Leaders Fear Organizations Won’t Keep Up With HR Transformation


Eighty-two percent of the HR executives predicted the change, which they said would be driven by HR’s transformation to a more people-centric function and the steady adoption of new technology. To keep things interesting, 43 percent believe their organizations won’t keep up with the technical changes underway as part of the transition.

The report, The changing face of HR, was presented during HR Tech by the cloud-solutions provider Sage. Among the most notable findings:

  • 24 percent of HR leaders use AI for recruitment, while 56 percent plan to adopt it within the next year.
  • 42 percent say their company’s workforce decisions are data-driven. Fifty-one percent plan to access real-time data within 12 months.
  • Just a quarter, 25 percent, rate their team as expert in the use of HR technology.
Most HR leaders say their jobs are transforming so dramatically, they’ll be unrecognizable in 10 years. But they doubt their organizations will keep up. #HR #HRTech #HRTribe Click To Tweet

Overhanging all of this is the ever-present dynamic between HR and the rest of the organization. While Sage found “widespread recognition” of HR’s changing dynamics, many corporations still haven’t prioritized the function in terms of budget, investment and vision. More than half of HR leaders—some 57 percent—don’t have the resources to invest in new technology. Meanwhile, 51 percent said their organization’s lack of vision and leadership was preventing change.

Sage People Vice President Paul Burrin said 53 percent of HR executives are struggling to convince their leadership that there’s a business case behind changing how they recruit, onboard, engage workers and encourage productivity. Because all of these play “a vital role in the future of work,” he observed, “companies ignore this at their own peril.”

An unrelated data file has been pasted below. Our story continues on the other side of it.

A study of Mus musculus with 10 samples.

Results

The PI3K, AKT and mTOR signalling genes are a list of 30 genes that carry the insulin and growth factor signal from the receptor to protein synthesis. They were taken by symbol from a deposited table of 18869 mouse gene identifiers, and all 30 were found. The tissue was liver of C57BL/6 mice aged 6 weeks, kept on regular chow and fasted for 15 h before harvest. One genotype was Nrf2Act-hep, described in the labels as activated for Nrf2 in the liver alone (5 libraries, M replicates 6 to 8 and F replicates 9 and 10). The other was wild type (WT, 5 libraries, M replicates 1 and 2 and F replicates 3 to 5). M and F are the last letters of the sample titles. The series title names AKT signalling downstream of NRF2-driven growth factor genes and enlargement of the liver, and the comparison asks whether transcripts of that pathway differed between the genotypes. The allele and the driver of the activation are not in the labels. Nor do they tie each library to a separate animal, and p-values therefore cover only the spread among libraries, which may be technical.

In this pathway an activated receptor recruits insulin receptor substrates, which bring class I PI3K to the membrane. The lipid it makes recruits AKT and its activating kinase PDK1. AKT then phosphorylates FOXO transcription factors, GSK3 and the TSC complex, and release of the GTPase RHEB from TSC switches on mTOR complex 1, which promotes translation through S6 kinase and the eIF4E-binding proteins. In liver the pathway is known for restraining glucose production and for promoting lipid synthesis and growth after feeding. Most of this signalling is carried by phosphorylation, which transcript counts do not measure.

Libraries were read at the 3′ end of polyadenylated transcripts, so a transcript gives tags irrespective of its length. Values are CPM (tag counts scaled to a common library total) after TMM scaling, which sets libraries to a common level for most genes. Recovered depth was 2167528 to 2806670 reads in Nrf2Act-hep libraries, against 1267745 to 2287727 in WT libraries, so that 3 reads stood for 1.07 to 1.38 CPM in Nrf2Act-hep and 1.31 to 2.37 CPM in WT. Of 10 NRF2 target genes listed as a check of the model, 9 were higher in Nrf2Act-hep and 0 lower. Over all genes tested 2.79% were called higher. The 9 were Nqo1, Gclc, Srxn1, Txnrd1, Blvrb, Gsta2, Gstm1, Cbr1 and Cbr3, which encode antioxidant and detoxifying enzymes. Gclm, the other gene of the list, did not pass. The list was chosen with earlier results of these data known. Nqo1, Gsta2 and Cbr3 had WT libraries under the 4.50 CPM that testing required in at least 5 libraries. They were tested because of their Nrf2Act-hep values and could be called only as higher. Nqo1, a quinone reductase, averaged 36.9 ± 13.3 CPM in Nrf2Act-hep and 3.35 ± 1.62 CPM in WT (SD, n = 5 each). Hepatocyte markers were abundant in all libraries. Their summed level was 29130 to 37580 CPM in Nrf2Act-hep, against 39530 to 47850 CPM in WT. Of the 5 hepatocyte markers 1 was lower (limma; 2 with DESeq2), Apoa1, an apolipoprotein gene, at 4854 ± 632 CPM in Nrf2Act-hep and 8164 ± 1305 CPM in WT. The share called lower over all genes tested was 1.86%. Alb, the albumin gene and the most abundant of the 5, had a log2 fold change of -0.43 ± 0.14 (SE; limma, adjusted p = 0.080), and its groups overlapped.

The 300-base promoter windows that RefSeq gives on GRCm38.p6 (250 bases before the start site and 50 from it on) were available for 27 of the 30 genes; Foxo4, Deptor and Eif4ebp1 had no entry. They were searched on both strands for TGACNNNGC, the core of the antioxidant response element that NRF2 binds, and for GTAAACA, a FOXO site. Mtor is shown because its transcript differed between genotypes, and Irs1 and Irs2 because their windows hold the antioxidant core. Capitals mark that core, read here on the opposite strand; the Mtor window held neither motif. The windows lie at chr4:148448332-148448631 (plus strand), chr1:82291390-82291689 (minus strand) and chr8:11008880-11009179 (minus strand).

HR Transformation, Resources or Not

While HR is hamstrung by a lack of money, it’s come under growing pressure by changing dynamics within the workforce itself. More than two-thirds—69 percent—of HR leaders believe employee expectations of their function will completely change in the next three years.

But while most observers say technology will play a crucial role in that change, the adoption of HR’s tech priorities has been relatively slow. For example, just 43 percent of organizations have adopted cloud solutions and 36 percent have introduced mobile solutions. Analytics and self-service have been adopted by 26 percent and 24 percent respectively.

Organizational obstacles or not, the increasing demands of younger workers are forcing HR executives to continue adapting, Sage said. More than a third, 38 percent, have improved the workforce experience. That kind of thing will become more important as social media and review sites like Glassdoor illuminate more of a company’s inner workings. Seventy-eight percent of the study’s respondents said the Glassdoors of the world have a strong influence on HR policy.